LG unveils battery-powered air purifier mask, but does not say if it will protect from coronavirus 


  • Korean tech giant LG first announced their new electronic face mask in July 
  • They haven’t confirmed a release date or how much the new mask will cost
  • It can operate up to eight hours on the lowest fan speed and two hours on high 
  • The firm say the new battery-powered device is a replacement for ill-fitting homemade masks or disposable masks that are often in short supply

LG has unveiled a face mask with built-in fans and filters dubbed a ‘wearable air purifier’ – but hasn’t said whether it will protect the wearer from coronavirus

The battery-powered PuriCare Wearable Air Purifier mask includes two H13 HEPA filters, similar to those used in home air purifying products.

The company says it also features dual fans and a respiratory sensor that can automatically adjust the fan speed in line with the wearer’s breathing speed. 

LG hasn’t announced a release date or a price for its new product, but says it will enable the user to breathe clean air both indoors and outside.

While the firm hasn’t said whether it protects against Covid-19 it says it is designed to replace ill-fitting homemade face covers and disposable masks in short supply. 

It hasn’t said exactly what the new air purifier mask will filter out, as LG says it is waiting for testing and certification before revealing any specific details. 

The battery-powered PuriCare Wearable Air Purifier mask includes two H13 HEPA filters, similar to those used in home air purifying products

The company say is also features dual fans and a respiratory sensor that can automatically adjust the fan speed in line with the wearer's breathing speed

The company say is also features dual fans and a respiratory sensor that can automatically adjust the fan speed in line with the wearer’s breathing speed

The battery can last up to eight hours on a single charge, and the device comes with a case which houses UV-LED lights, which kill germs between uses.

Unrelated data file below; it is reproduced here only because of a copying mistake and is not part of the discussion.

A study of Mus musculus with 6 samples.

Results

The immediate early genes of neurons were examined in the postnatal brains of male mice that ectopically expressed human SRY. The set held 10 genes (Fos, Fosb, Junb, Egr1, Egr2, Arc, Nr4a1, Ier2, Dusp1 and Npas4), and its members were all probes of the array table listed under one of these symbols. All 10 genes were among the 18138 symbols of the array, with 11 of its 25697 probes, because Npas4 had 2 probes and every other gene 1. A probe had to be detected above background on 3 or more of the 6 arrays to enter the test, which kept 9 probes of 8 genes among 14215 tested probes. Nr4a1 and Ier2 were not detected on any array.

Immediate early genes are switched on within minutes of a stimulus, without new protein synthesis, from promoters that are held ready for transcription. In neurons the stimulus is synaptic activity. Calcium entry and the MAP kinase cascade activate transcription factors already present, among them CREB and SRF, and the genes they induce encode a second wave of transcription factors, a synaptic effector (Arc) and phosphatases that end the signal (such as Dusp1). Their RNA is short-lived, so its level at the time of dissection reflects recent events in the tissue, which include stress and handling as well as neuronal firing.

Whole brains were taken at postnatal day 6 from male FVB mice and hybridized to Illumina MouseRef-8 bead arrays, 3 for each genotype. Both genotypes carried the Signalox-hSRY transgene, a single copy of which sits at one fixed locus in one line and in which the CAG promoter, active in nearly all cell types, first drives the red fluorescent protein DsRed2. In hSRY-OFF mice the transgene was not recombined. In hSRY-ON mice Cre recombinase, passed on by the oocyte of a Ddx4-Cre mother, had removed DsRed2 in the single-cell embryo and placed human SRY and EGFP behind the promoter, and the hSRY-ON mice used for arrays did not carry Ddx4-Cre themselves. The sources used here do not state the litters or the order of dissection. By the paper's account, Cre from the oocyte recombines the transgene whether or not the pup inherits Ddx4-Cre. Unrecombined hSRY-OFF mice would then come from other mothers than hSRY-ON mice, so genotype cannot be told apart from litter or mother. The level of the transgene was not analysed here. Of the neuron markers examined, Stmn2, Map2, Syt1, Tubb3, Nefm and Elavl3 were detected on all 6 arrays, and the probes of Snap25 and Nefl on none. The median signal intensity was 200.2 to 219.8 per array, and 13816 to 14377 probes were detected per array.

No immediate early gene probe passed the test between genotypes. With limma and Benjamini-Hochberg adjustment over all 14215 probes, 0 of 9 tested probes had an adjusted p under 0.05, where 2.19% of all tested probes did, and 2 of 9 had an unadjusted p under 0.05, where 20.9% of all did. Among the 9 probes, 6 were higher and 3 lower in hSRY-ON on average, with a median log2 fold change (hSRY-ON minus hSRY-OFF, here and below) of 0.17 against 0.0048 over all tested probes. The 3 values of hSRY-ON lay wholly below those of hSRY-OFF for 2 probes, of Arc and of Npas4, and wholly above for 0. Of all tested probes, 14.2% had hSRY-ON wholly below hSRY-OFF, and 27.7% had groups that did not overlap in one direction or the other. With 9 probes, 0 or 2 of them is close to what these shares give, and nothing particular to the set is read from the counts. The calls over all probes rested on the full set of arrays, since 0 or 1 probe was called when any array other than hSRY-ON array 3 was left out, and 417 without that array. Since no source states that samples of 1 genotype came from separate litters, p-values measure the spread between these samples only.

The eight hours is a maximum though, and when the fan is operating in ‘low mode’. At the higher speed modes for more intense environments it can last up to two hours.

The two hours on high would be in an environment with a temperature of about 77 degrees Fahrenheit, and other factors such as pollution can reduce the time. 

Like most modern wearable technology products, it also comes with a partner app and the mask can send it alerts to say when the filters need to be replaced.

LG said the mask could help solve the problem of homemade masks being of inconsistent quality and disposable masks being in short supply.

It hasn’t directly confirmed if it was built in response to Covid-19, but one executive said in July that the company would donate 2,000 of the masks to a university hospital in Seoul, to help medical staff cope with the pandemic.

LG said the mask could help solve the problem of homemade masks being of inconsistent quality and disposable masks being in short supply

LG said the mask could help solve the problem of homemade masks being of inconsistent quality and disposable masks being in short supply

There are no claims about using the mask to slow the spread of coronavirus in this latest announcement or whether the filters will stop the virus.

The firm told MailOnline it was waiting for certification and testing to be completed before giving full details about the protection the mask provides.  

HEPA: AN EFFICIENCY STANDARD FOR AIR FILTERS 

High-efficiency particulate air (HEPA) is a standard for air filters.

To meet the HEPA standard they must meet certain levels of efficiency including removing most particles over a certain size.

There are different classes of HEPA filters ranked based on how many particles they remove.

For example, HP13 requires it to remove an average of 99.95 per cent of particles and at least 99.75 per cent.

HEPA filtration works mechanically rather than using negative ions.

This means a HEPA filter is often better for people with conditions like asthma. 

At the announcement of the final design, LG president of home appliances, Dan Song, said there were clear benefits to a reusable electronic mask. 

‘The PuriCare Wearable Air Purifier is an exciting addition to our growing line-up of products designed to deliver meaningful health and hygiene benefits,’ he said.

‘At a time when consumers are seeking ways to make life safer and more convenient, it’s important that we’re able to offer solutions that add measurable value.’

LG has used ‘extensive facial shape analysis’ to create the ergonomically designed mask to ensure it fits ‘snugly on the user’s face’.

This is required in order to minimise air leakage around the nose and chin, which could result in heavily polluted air – or possibly infected droplets – getting in.  

The UV-LED light-equipped case is an important part of the design, as germs such as coronavirus can live on surfaces for varying amounts of time – which is why it is important to regularly wash or replace face masks. 

According to LG, the case for this mask cleans away and kills harmful germs while the device is charging.

‘Because every component – from the filters to the ear straps – is replaceable and recyclable, it’s an environmentally responsible solution as well,’ the firm said. 

The Korean tech giant is to officially reveal the mask during the IFA technology trade show in Berlin next week.